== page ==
You have a young, versatile phenom, someone with dazzling fundamentals who's been working his way through the system for a few years. Still, the player needs that one more something -- say, the ability to pull an occasional ball to the opposite field.
To help him develop, you protect him. Maybe you pencil him into the batting order right before a friendly, grizzled veteran, someone working rehab after taking a pitch on his hand. Of course, you also guard him with the No. 4 hitter, the big man, the iconic center of the order. It's a proven strategy, a movie script, a given.
In baseball, it goes that way. But in the cutthroat world of music, the western-swing trio Hot Club of Cowtown may be the first band to benefit from that kind of support in a tour stretching across 22 minor-league baseball stadiums, including the T-Bones' Community America Ballpark in Kansas City, Kansas.
In this scenario, Willie Nelson is the jovial veteran (the one with a bad habit or two), and the home-run hitter is played by no less a figure than Bob Dylan. The bands and crew know the whole experience as the "Field of Dreams" tour. (Dylan's Web site calls the revue "The Bob Dylan Show.")
Hot Club of Cowtown plays American traditional music in the mold of Bob Wills and the Texas Playboys but broadened to include jazz and a name that's an Austin, Texas, spin on the '20s legends the Hot Club of Paris. Prairie Village native Elana Fremerman handles the violin (she got her start fiddling for tips in Westport) and country-torch vocals, guitarist Whit Smith zips through Djangoesque solos and '20s-style crooners, and Jake Erwin sings harmony and thumps the ol' upright. But as talented as the group is (especially in the "hot licks" realm), drafting the three musicians for this epic tour at first seemed like a stretch.
And yet here they are.
"We were on a television show in England, Later With Jools (a popular Saturday-night music program hosted by ex-Squeeze keyboardist Jools Holland), and Bob Dylan apparently saw it," Smith explains. "They called us up and said, 'Would you come and do this?' We said, 'Let me think about that.'"
Smith pauses for a millisecond, then shouts, "Yes!"
A minor-league ballpark, with its peculiar dimensions and acoustic abnormalities, might be a challenge for lesser artists, but these veterans have handled the task masterfully in venues ranging in capacity from 6,000 to 10,000.
"The first seven shows were sold out," Smith says. "They set up a big outdoor stage just beyond the infield, facing the bleachers, and then they let the people in. They lay down this huge plastic-flooring stuff on the grass, and then they fence off anywhere they don't want you to go, so people aren't stealing home plate and scuffing up the pitcher's mound -- especially at Cooperstown (New York, where the tour began), which is like hallowed ground."
Hot Club has played countless outdoor events, including the Walnut Valley Bluegrass Festival in Winfield, Kansas. But the group's music seems more naturally suited to intimate venues, such as the Continental Club in Austin, where the band recorded its most recent album, Continental Stomp. So just how does an acoustic swing trio make a dent with the Willie and Bob crowd?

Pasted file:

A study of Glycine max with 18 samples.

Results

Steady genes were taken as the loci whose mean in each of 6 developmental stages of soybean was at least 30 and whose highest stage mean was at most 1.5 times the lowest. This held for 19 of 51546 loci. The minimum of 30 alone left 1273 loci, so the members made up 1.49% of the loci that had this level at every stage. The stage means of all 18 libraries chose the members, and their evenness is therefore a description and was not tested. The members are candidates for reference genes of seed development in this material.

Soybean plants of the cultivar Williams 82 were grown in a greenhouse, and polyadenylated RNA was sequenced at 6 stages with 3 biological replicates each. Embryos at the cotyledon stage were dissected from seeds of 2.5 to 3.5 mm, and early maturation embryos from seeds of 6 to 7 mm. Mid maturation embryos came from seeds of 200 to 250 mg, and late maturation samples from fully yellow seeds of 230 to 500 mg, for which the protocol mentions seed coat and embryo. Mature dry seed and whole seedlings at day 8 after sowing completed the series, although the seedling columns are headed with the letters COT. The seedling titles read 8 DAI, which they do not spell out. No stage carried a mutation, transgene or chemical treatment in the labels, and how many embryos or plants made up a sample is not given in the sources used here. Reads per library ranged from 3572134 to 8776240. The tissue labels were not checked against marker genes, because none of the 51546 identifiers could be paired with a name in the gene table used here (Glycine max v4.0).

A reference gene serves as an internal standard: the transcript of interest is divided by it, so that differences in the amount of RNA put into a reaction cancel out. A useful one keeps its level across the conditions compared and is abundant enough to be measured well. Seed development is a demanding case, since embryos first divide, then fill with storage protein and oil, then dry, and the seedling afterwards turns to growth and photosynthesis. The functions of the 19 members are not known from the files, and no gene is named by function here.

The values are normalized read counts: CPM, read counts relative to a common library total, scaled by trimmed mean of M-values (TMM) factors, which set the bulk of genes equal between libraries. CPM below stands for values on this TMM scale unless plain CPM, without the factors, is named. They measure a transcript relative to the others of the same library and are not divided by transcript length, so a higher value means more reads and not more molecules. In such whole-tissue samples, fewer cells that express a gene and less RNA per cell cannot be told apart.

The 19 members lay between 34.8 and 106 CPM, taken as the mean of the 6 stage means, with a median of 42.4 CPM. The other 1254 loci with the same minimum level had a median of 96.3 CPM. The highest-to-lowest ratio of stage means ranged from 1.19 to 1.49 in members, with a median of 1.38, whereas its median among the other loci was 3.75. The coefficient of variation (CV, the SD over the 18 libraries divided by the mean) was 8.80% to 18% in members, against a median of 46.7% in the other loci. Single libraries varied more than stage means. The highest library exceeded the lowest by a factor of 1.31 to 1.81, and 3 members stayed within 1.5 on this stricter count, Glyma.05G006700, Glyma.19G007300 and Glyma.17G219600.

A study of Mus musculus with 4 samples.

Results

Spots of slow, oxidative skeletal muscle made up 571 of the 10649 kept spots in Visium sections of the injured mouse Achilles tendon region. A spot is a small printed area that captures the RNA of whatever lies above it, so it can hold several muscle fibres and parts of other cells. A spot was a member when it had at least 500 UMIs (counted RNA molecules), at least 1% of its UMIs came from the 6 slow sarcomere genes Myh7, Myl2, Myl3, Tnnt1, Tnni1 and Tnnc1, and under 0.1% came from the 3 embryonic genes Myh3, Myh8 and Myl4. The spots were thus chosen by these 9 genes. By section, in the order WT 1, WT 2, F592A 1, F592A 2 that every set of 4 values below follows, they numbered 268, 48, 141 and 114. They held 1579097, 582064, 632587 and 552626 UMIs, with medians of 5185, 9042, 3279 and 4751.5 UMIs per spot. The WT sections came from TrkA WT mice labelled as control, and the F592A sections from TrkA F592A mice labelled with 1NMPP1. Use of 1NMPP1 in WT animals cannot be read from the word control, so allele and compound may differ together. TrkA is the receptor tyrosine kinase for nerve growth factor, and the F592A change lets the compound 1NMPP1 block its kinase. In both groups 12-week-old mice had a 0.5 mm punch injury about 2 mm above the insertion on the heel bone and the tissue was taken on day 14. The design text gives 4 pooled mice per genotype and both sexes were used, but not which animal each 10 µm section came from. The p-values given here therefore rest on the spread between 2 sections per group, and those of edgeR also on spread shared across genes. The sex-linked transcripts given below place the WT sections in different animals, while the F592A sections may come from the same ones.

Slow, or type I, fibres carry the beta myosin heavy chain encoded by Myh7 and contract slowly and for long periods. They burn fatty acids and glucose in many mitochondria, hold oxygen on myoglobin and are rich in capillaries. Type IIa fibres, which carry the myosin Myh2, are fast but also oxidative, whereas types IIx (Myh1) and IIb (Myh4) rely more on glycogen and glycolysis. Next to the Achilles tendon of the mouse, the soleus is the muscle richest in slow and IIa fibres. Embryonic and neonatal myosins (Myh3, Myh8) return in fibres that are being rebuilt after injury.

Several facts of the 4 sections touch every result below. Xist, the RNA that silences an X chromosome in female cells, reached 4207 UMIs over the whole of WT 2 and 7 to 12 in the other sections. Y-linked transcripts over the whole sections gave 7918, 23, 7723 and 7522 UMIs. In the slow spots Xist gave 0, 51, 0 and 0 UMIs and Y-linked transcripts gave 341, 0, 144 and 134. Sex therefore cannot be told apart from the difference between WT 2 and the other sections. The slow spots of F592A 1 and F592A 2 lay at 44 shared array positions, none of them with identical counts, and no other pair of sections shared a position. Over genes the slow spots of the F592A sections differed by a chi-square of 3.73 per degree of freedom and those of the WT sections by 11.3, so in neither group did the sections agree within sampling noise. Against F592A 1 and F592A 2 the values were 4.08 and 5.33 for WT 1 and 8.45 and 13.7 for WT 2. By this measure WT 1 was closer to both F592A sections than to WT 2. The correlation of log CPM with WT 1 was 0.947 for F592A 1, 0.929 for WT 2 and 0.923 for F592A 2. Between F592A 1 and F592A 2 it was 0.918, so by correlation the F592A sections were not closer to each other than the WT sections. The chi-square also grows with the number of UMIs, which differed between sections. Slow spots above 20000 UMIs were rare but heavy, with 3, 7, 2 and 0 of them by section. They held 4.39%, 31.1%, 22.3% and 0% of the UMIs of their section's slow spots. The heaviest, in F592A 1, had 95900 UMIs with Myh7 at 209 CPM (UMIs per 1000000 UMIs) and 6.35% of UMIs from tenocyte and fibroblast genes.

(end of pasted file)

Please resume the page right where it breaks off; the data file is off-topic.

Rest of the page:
"We tend to come out playing faster tunes," Smith says. "We usually hit 'em with some bright fiddle tunes -- that gets attention. We've been experimenting with the middle couple of tunes. Sometimes we keep them all fast. Sometimes we try a different, jazzier tune. Then we roll into 'Little Liza Jane' and 'Orange Blossom Special,' put some coal on the fire."
Naturally, Smith knows that most fans haven't made the pilgrimage to watch Hot Club of Cowtown, but the band has had a trump card for luring fans to its opening set.
"The last couple shows, Willie Nelson has been coming out and doing an encore with us and singing 'Please Don't Talk About Me When I'm Gone,'" Smith says. "The fans just freak out. They race down to the field, and anyone who wasn't listening starts to pay attention to what they just missed."
After their performances, the Hot Club members become just another set of picnickers camped out on the grass and soaking in the performances of two American idols.
"We've watched every night," Smith says. "Willie changes his set a little bit, and Bob changes his set every night. Willie has his whole family out there. There's, like, eight buses parked back there. That's a great way to spend the summer."
A summer of this magnitude on a tour featuring two aging icons can have a catch-them-while-you-still-can element, but Smith insists that both Nelson and Dylan are in top form. Still, the tour has forced Hot Club to make the kind of tough decision that most bands would dread -- or love.
"You ready for this one?" Smith says. "Willie asked us just last week if we would do Farm Aid this year in Seattle, and that's on the same day as Winfield."
Smith pauses dramatically. A sigh. A gulp. And ...
"We're going to Winfield," he says finally. "I'll tell you, that was a hard call. This is our third year [at Winfield], and it's always a blast. They put us on the cover of the program. We couldn't not go. We're honored to no end."
For now, though, Hot Club of Cowtown is honored to be at the bottom of the playbill, enjoying its moment in the big time, even if it is still in the minors.
"This is the '22 Days of Christmas' tour -- that's what I call it," Smith says. "It's really positive, really fun. The crew's taken really good care of us, the music all works, the show is great, the fans really dig it ... it's Christmas."